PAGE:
Monday, August 8, 2011

The Club Card Membership

I am a big Seinfeld fan.  I think it is one of those timeless shows that no matter how many times I watch an episode it continues to make me laugh.  One of my favorite episodes was during the ninth season when George Costanza starts having back problems from carrying such a fat wallet.  He kept everything in his wallet from receipts to credit cards to his money although George was never one to carry a lot of dough.  The episode concludes with his wallet exploding in the New York City air as he tries to close it after adding one last receipt.

I doubt George was faced with the growing list of stores that are offering Club Card memberships.  You know the cards I mean.  The ones that you don't want but without them, it seems like you pay double the cost for just about every item.  They started at the grocery stores which were somewhat understandable.  They want you to feel at home so that when you had their particular store's membership card (and the handy key chain card), you were part of their club.  You wouldn't dare go to another grocery store to buy your toilet paper and ice cream once you had the card, right?  The problem is that we all have multiple stores near our work and home so we are stuck getting cards for multiple stores.

Now that we all had at least three credit sized cards added to our wallets and/or the key chain version, we felt like we were part of something.  We were members of multiple clubs and there was a certain high school feeling about that.  We were jocks, band geeks, and part of the debate team all at once.  We were like Ferris Bueller, loved by everyone.

The problem is that other stores caught on to this madness.  Sporting goods stores, the big box stores and yes, now my favorite one, the liquor stores.  I went shopping for some wine over the weekend and noticed two things.  First, it was a newer fancier store than the average liquor store.  They had wine tasting stations set-up that were free along with some freshly cut provolone cheese.  Yummy, I thought, and what a great idea to put the wines that they were recommending out to be tasted.  The problem was that without the Club Card, you couldn't partake in the tasting.  Fooey, I said, I am not adding any more cards to my wallet fearing my impending George-like explosion.  The second thing though, was that I noticed almost every item in the store was discounted about 20% to the Club Card member.

So I was faced yet again with the decision to pay the added non-member price or join another club and receive normal pricing for the goods I was buying.  Needless to say, I am a proud new member of the glee club, I mean Wineworks in Marlton.  I am also proud that my wallet is still in tact both physically and fiscally.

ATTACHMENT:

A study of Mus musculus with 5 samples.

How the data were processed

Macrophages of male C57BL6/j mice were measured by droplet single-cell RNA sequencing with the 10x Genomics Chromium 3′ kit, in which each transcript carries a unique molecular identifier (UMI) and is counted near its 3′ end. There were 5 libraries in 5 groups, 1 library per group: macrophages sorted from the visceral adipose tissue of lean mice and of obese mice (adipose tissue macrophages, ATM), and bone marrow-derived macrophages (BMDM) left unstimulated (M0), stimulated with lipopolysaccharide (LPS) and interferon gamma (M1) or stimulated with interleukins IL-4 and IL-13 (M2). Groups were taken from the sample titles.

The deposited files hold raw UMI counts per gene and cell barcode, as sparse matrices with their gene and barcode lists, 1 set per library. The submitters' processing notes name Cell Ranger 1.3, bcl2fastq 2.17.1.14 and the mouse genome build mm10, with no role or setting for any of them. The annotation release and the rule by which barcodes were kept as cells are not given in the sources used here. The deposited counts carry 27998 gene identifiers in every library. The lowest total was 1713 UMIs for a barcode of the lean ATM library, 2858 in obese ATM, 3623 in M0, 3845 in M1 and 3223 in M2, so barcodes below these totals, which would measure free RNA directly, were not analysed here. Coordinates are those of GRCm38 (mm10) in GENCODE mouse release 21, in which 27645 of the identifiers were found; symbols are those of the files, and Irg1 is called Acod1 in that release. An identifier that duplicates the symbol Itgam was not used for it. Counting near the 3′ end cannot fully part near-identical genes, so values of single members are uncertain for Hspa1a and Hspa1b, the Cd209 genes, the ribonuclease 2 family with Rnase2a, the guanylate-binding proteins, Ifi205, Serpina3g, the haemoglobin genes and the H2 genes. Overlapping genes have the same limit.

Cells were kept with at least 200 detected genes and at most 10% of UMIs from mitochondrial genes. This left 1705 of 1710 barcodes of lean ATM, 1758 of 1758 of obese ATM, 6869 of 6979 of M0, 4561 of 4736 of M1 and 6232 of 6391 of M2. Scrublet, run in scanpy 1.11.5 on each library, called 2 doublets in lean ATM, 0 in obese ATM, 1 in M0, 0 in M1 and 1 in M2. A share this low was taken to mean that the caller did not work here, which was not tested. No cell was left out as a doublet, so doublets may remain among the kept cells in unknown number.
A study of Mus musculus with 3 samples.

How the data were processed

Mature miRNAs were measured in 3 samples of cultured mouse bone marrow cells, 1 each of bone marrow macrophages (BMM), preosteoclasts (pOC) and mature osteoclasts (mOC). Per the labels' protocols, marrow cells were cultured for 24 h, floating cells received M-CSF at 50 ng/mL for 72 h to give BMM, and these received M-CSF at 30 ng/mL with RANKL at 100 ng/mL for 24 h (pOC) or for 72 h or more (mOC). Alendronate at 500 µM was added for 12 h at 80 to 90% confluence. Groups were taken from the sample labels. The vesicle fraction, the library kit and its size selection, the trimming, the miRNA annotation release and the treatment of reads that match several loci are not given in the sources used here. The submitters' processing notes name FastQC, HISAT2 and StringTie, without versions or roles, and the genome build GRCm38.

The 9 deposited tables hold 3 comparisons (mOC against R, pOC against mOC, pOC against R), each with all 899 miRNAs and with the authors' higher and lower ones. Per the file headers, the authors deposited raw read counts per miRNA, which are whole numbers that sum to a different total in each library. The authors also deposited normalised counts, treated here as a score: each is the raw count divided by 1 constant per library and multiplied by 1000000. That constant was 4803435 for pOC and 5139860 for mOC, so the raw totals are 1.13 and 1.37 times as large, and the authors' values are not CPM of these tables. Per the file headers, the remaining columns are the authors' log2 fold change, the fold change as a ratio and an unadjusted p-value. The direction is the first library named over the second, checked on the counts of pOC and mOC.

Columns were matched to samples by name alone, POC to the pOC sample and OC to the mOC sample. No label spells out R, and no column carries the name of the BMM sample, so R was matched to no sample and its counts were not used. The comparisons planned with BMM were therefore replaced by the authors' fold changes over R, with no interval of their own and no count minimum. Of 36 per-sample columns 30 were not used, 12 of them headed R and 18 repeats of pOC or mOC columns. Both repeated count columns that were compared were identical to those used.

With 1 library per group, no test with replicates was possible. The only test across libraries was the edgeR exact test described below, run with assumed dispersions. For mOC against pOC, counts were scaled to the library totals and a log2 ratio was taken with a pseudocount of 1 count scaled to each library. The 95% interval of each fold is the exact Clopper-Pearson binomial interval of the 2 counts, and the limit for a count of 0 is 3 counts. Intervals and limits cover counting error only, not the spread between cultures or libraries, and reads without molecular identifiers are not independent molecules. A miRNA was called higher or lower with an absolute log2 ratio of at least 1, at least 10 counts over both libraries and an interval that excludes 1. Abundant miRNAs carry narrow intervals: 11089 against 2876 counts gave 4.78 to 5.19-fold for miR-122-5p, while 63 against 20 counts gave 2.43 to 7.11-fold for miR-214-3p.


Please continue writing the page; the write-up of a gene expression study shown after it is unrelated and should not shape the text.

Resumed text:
When push comes to shove, I really feel like the whole thing is a rip off.  Not only in a monetary way but of our intelligence.  Here are these companies that are overcharging us to come into their stores unless we sign up and join them.  Joining them, however, doesn't only involve carrying around the extra cards which I am half joking.  But it involves handing over phone numbers and e-mail addresses so that we can be hounded by our new club but also sold to other club members for well coordinated attacks.  Involved in this information swapping is the occasional breach of security as well.  How many of you have gotten the news that your information may have been compromised by one of the clubs to which you belong?  What becomes more frustrating is when you go ahead and try to find out who received your information and what info did they get.  You will not win this battle, you do not have the security clearance for that.  This is when you will not feel so much a part of the club.

I know it is a losing battle trying to fight the powers at be from avoiding the surcharges that are the non-member prices.  I am sure that next time I buy fish food at Petsmart, I will be pulling out my Club Card to save $.38.  But here's to hoping that the next card I get doesn't push my wallet to the limit like my friend George and I do not lose everything the least of which will be my sanity.